How Havenwoods State Forest Took Root in Milwaukee

Never say never.

There’s a stand of pine trees at Havenwoods State Forest in Milwaukee, planted in the early 1990s, that hasn’t grown as tall as it might have in healthier soil. At Havenwoods, a 237-acre triangle of young-growth forest and grassland on the Northwest Side, you can read history in the dirt: meager topsoil raked by decades of farming, trash dumping, construction and demolition. Prior to the mid-1970s, the misfit land, initially granted to Milwaukee County by the federal government, saw use as a landfill, a prison farm and, once blight had settled across the land, an urban wasteland. Then came the bureaucratic blight of endless study committees theorizing over how to reuse the site that had come to resemble a tornado debris field. One proposal suggested building a utopian “city within a city” on the land, also home to a Nike Ajax missile site erected in 1956, one of eight in the area designed to shoot down Soviet bombers. It wasn’t until 1978, when the state Department of Natural Resources acquired the property, that it began its slow regression back to nature.

One of the key players in encouraging nature’s reawakening has been the park’s conservation biologist, Beth Mittermaier, recently reduced by DNR budget cuts to part-time. On a chilly afternoon in April, she followed one of the park’s trails up to the stunted outcropping of pines, an area carpeted with needles. “You get the different sound that a pine forest makes,” she says, “and your foot steps down in a different way.” Before walking down to Lincoln Creek, which cuts a ribbon through the property, Mittermaier stopped at a sky-gray buckthorn plant, bristling with its own needlepoints.

“It’s a bully plant,” she says. “It produces too many berries, and they give birds diarrhea. They poop them all over the place.” And that’s how the buckthorn spreads. Mittermaier has mapped many of the forest’s other invasive species on a PC in the park’s Environmental Awareness Center (about 2 feet from a slumbering bull snake). Some 42,000 visitors a year come through its doors and down Havenwoods’ 6 miles of trails weaving around frog-happy ponds, the largest of which prevent Lincoln Creek from wreaking havoc downstream when it floods.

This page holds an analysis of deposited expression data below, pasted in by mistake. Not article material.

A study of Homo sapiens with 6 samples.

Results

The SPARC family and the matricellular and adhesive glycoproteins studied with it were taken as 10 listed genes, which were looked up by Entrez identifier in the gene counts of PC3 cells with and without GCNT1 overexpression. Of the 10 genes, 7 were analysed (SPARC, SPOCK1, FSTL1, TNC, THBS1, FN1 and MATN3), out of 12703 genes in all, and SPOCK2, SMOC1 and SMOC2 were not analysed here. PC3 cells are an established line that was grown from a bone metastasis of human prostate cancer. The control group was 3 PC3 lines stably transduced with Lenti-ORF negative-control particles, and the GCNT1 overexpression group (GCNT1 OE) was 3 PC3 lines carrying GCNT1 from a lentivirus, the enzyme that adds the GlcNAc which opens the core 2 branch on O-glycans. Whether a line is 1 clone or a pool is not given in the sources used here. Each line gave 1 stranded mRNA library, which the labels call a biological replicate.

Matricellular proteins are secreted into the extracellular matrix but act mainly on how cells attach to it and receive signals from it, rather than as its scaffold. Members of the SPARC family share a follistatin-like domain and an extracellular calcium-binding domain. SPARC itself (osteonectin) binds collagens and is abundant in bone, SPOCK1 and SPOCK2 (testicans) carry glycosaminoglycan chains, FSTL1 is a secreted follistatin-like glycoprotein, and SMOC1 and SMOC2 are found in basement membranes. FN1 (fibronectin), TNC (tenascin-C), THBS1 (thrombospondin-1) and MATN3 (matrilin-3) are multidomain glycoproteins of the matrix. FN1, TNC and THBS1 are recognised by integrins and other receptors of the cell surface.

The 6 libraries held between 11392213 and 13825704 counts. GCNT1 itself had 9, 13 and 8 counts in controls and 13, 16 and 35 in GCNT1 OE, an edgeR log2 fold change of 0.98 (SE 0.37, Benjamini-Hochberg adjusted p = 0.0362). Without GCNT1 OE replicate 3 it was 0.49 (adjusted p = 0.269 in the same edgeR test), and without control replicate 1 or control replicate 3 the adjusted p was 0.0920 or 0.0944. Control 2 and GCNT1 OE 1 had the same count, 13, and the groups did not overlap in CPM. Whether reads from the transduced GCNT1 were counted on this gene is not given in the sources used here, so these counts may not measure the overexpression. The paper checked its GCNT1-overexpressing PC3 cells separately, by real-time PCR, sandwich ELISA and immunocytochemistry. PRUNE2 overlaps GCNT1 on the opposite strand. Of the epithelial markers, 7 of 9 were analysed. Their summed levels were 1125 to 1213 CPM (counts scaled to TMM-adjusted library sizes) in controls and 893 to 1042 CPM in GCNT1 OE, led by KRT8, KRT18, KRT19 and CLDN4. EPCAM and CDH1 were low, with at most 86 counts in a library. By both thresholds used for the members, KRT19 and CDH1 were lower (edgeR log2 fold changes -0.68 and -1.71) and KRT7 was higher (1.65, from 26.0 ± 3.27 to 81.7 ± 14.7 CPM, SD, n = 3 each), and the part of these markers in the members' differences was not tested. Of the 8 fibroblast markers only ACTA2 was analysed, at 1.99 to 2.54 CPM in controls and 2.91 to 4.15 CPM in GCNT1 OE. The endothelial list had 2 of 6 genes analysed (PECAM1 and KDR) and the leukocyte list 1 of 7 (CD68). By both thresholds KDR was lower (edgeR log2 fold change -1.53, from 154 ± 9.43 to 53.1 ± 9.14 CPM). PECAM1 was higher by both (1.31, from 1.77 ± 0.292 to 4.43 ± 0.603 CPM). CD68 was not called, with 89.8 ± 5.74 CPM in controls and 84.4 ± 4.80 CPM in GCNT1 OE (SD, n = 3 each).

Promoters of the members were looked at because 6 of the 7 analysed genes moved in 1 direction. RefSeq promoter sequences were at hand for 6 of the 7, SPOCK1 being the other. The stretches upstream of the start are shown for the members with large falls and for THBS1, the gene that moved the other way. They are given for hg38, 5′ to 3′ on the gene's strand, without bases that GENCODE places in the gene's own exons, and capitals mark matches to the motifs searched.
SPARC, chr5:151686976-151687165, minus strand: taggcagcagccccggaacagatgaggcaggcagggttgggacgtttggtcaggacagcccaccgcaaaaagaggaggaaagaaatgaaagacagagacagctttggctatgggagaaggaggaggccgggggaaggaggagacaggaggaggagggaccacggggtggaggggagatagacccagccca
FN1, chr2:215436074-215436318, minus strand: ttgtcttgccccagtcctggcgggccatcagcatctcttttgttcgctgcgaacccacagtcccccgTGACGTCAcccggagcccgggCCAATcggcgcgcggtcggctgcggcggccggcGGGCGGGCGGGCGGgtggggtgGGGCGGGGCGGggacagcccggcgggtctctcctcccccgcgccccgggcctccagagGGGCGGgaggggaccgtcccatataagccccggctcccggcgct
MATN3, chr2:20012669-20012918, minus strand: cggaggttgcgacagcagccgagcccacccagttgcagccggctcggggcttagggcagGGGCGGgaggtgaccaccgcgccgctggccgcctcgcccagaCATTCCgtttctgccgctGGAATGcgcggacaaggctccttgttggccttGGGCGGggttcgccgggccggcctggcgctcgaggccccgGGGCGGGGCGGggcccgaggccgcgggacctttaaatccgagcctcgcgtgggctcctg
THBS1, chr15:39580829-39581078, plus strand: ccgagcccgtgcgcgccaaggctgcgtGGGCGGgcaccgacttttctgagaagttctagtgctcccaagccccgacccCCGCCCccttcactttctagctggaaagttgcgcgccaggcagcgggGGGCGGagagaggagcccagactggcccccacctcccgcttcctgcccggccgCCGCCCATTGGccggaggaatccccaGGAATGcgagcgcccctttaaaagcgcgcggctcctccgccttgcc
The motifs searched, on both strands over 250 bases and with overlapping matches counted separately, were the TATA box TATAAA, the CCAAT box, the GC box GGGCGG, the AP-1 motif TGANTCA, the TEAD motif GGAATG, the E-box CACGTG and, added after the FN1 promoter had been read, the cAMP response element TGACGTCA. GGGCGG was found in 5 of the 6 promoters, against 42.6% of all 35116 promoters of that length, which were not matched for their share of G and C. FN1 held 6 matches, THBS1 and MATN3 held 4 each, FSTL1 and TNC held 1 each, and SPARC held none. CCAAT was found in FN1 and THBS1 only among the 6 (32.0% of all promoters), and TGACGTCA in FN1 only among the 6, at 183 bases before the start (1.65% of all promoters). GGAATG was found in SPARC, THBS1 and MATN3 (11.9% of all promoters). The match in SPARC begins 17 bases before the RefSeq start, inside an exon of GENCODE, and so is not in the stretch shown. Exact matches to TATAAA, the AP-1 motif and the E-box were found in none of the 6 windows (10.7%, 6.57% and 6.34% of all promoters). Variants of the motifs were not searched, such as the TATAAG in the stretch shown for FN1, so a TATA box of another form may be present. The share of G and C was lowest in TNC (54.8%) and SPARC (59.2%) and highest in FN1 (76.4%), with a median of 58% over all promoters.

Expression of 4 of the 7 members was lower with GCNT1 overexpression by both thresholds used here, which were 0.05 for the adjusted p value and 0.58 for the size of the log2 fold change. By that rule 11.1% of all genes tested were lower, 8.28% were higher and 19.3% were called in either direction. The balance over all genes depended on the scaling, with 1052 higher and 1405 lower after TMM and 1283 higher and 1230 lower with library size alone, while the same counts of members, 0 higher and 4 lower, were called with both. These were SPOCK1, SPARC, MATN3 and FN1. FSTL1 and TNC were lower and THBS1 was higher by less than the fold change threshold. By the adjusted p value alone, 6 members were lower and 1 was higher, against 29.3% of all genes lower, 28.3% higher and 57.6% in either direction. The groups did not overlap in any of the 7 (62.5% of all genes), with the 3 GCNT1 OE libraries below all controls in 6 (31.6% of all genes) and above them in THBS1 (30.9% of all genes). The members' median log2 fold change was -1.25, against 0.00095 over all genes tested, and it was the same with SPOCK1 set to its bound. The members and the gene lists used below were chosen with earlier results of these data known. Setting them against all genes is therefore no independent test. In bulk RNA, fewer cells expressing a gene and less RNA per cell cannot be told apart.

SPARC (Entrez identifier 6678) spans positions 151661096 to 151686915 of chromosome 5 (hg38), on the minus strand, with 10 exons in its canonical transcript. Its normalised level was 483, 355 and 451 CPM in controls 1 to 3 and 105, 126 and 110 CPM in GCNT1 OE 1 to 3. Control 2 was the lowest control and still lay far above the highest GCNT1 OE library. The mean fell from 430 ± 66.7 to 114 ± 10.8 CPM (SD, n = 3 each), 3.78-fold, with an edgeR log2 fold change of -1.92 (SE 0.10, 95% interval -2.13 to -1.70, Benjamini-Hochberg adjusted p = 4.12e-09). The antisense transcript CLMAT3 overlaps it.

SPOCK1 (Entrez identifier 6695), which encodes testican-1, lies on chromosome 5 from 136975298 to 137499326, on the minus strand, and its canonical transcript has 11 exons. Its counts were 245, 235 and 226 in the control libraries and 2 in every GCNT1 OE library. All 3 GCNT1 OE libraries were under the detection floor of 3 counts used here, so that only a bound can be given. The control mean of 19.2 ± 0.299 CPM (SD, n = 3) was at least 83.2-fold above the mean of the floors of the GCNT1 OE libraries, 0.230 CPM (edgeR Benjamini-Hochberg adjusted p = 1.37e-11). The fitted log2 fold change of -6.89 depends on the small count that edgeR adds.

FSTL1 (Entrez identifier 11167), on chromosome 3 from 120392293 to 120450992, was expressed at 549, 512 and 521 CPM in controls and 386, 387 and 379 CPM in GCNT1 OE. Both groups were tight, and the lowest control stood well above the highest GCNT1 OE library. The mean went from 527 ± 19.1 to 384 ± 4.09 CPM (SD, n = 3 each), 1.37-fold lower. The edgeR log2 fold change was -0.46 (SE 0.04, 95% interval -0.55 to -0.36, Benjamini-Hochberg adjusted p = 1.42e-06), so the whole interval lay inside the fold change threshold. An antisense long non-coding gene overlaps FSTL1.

Havenwoods State Forest. Photo by CJ Schmit.
Photo by CJ Schmit.

In decades long past, there was no Lincoln Creek. The earliest reference Mittermaier has found to a stream in the area is a “Farm Drain #21” listed in 1930, apparently a fledgling water source that grew wider “as the city grew up,” she says. “More and more places grew impervious to water, and it had to go somewhere. And thus was born Lincoln Creek.”

It’s not uncommon to spot a deer at the park, or a muskrat, or a ground squirrel, or coyotes. Mittermaier estimates that students have planted some 20,000 trees on the land, which now looks nothing like a prison yard. “We did some planting,” she says, “but nature wins. Nature did a lot more planting than we did.”

People still walk into the Environmental Awareness Center, including residents of the next-door Berryland public housing complex, and say they’ve lived in Milwaukee all their lives but never set foot in Havenwoods. They didn’t expect to find a state forest around the corner.

“Anybody who had the vision that this could become a natural area was either really visionary,” Mittermaier says, “or really crazy.”

Hear more about Havenwoods on WUWM’s “Lake Effect” here.

‘Never Say Never’ appears in the June 2015 issue of Milwaukee Magazine.